Lassiter is all about throwing the ball, and it does it well.
The Trojans have scored 86 points in their wins over Hillgrove and Sprayberry to start the season. At the pace that they are going, they will average 43 points a game.
Lassiter will now face neighboring rival Kell, and the Trojans may have difficulty picking apart the Longhorns defense with their aerial attack when the teams meet tonight at Frank Fillmann Stadium. While Lassiter may have one of the state’s dynamic group of receivers in Juwan Dickey, Ryan Jenkins (committed to Clemson) and Willie Police, with quarterback Eddie Printz throwing to them, the Longhorns possess arguably the state’s best secondary.
“We’re going to have to put pressure on the quarterback,” Kell coach Derek Cook said. “We can’t let (Printz) stand there all afternoon and all night and decide who to throw to. We have to make (him) move around a little bit. We have to put pressure on the receivers and we have to put pressure on the ball carrier.”
That job will likely fall to defensive end Michael Valero, who has 11 tackles on the season. He is experienced enough where he may be able to find his way to Printz.
Lassiter’s receiving corps will be matching up with Kell’s Brendan Langley (South Carolina), Quincy Mauger (Georgia), Taylor Henkle and Julian Burris.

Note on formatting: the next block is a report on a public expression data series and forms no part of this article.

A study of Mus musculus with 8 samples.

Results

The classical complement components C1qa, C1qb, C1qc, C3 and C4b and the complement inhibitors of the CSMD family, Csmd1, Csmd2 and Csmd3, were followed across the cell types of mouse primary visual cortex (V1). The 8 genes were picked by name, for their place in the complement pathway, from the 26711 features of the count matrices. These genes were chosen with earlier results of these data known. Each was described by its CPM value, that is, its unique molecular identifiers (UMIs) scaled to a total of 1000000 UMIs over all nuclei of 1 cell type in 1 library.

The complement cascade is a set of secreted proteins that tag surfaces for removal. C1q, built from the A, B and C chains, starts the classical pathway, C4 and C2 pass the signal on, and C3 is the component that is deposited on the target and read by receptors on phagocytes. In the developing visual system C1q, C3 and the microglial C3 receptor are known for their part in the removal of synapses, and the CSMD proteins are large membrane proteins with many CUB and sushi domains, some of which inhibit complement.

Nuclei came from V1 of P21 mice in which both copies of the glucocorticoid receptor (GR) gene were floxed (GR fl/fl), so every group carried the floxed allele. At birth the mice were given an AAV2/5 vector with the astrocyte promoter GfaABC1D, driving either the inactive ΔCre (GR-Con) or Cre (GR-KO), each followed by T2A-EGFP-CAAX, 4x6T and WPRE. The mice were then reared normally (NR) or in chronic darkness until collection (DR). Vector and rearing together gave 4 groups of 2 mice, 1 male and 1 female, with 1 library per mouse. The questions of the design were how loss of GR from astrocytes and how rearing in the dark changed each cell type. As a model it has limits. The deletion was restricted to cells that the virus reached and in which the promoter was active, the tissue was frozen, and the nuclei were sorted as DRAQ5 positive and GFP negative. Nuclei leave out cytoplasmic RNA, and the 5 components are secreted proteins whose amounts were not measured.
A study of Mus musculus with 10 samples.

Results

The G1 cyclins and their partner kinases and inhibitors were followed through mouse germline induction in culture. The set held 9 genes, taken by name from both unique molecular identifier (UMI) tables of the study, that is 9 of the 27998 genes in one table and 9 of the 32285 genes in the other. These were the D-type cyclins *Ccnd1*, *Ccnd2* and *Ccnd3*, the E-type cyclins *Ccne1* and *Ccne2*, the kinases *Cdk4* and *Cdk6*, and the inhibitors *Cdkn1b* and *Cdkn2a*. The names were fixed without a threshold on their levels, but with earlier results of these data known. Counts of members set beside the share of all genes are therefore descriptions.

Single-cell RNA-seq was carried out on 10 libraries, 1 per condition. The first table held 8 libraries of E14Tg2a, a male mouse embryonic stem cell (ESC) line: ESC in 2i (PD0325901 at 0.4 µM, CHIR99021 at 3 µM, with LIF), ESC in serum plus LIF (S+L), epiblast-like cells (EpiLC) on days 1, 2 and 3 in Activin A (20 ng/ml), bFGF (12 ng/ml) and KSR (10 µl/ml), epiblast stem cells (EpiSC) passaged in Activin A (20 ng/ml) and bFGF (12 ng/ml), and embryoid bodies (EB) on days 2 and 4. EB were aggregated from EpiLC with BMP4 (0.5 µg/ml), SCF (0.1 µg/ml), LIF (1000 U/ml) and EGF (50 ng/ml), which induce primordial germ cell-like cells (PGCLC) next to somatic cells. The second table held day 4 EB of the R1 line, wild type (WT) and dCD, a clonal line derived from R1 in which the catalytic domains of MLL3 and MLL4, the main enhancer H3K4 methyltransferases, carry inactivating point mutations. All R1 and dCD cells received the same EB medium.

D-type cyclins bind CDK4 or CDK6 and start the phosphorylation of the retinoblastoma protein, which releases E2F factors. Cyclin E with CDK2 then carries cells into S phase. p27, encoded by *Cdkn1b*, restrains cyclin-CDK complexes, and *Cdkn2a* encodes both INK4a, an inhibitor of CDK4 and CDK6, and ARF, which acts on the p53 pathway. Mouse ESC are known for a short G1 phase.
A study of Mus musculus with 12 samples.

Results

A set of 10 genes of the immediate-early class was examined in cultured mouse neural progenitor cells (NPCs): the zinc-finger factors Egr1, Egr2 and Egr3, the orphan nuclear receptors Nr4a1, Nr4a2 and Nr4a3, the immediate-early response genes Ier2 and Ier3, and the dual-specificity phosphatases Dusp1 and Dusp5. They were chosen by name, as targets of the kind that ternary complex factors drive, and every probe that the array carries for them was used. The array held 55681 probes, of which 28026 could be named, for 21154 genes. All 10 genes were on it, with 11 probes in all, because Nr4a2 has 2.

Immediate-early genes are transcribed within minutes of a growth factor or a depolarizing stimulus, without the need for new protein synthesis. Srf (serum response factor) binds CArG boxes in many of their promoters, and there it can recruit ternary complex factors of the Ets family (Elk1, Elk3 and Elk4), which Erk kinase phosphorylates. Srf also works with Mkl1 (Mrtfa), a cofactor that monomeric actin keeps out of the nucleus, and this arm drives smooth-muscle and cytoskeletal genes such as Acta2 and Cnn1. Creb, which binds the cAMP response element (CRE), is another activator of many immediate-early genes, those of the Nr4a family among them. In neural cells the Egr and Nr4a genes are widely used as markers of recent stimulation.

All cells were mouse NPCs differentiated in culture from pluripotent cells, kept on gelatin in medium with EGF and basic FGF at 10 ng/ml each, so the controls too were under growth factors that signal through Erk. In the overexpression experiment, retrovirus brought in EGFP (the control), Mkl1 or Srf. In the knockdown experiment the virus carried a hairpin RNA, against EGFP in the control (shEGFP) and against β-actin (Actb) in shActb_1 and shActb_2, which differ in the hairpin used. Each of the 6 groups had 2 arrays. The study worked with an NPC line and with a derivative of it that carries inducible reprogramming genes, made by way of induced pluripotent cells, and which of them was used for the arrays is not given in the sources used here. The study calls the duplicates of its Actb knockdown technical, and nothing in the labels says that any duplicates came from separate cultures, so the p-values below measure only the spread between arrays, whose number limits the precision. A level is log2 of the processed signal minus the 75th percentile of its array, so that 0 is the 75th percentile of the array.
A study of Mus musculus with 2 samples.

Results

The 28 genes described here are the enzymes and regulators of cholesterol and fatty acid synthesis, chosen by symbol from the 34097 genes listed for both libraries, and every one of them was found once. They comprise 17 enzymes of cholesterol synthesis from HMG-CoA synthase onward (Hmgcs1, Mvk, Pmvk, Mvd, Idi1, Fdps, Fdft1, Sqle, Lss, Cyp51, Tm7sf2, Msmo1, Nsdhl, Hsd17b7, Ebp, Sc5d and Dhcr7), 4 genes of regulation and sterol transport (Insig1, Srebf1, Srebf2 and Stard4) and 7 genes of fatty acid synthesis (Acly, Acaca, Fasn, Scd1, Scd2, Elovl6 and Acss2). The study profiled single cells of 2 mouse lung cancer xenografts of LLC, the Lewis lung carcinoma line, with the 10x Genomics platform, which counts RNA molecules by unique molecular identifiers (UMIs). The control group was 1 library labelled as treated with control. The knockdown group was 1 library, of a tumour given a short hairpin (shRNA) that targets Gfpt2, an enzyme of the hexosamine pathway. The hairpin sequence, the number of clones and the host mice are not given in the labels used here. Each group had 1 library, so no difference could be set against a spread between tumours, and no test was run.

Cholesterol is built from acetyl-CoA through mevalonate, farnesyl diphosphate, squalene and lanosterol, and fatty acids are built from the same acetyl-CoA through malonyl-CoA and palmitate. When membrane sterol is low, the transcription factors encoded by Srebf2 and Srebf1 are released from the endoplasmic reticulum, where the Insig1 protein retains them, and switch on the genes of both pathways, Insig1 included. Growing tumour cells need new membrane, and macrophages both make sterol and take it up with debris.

“We’re going to need to go downfield with Juwan and Ryan,” Irwin said. “We also need to possess the ball if we can’t run it. I’d like to see us execute better in the passing game. That takes everyone at every position. Eddie played well last week against Sprayberry. He had no interceptions and didn’t put the ball in danger very much.”
Printz has already thrown for 507 yards.
Lassiter has started fast in both games. The Trojans put up 37 unanswered first-half points against Hillgrove before holding on to win 37-29, and it also scored 42 first-half points in its 49-10 victory over Sprayberry.
Kell’s solution for Lassiter’s offense is limiting its own mistakes and controlling the football. If the Longhorns can have a couple of long, sustained scoring drives it will keep the Trojans’ offense on the sidelines.
The Longhorns have always thrived on the running game in recent years with bigger backs like Brian Randolph, now at Tennessee, and Jordan Chambers. Now, Cook said Kell’s backfield consists of smaller running backs, which means the Longhorns are relying more on quickness and speed to get through a Lassiter front seven that’s known to barrel through opposing offensive lines.
Jamari Moore is the Longhorns’ leading rusher with 139 yards. Langley has added 83 yards on the ground with 69 yards receiving with two touchdowns. Burris is also an offensive threat with 96 receiving yards to lead the team.
“They have athletes that can make a home run on you,” Irwin said. “They are very methodical and can be very explosive. It will be a challenge for us and it will get us ready for some of the (running) teams in the region like Milton, Walton and Roswell.”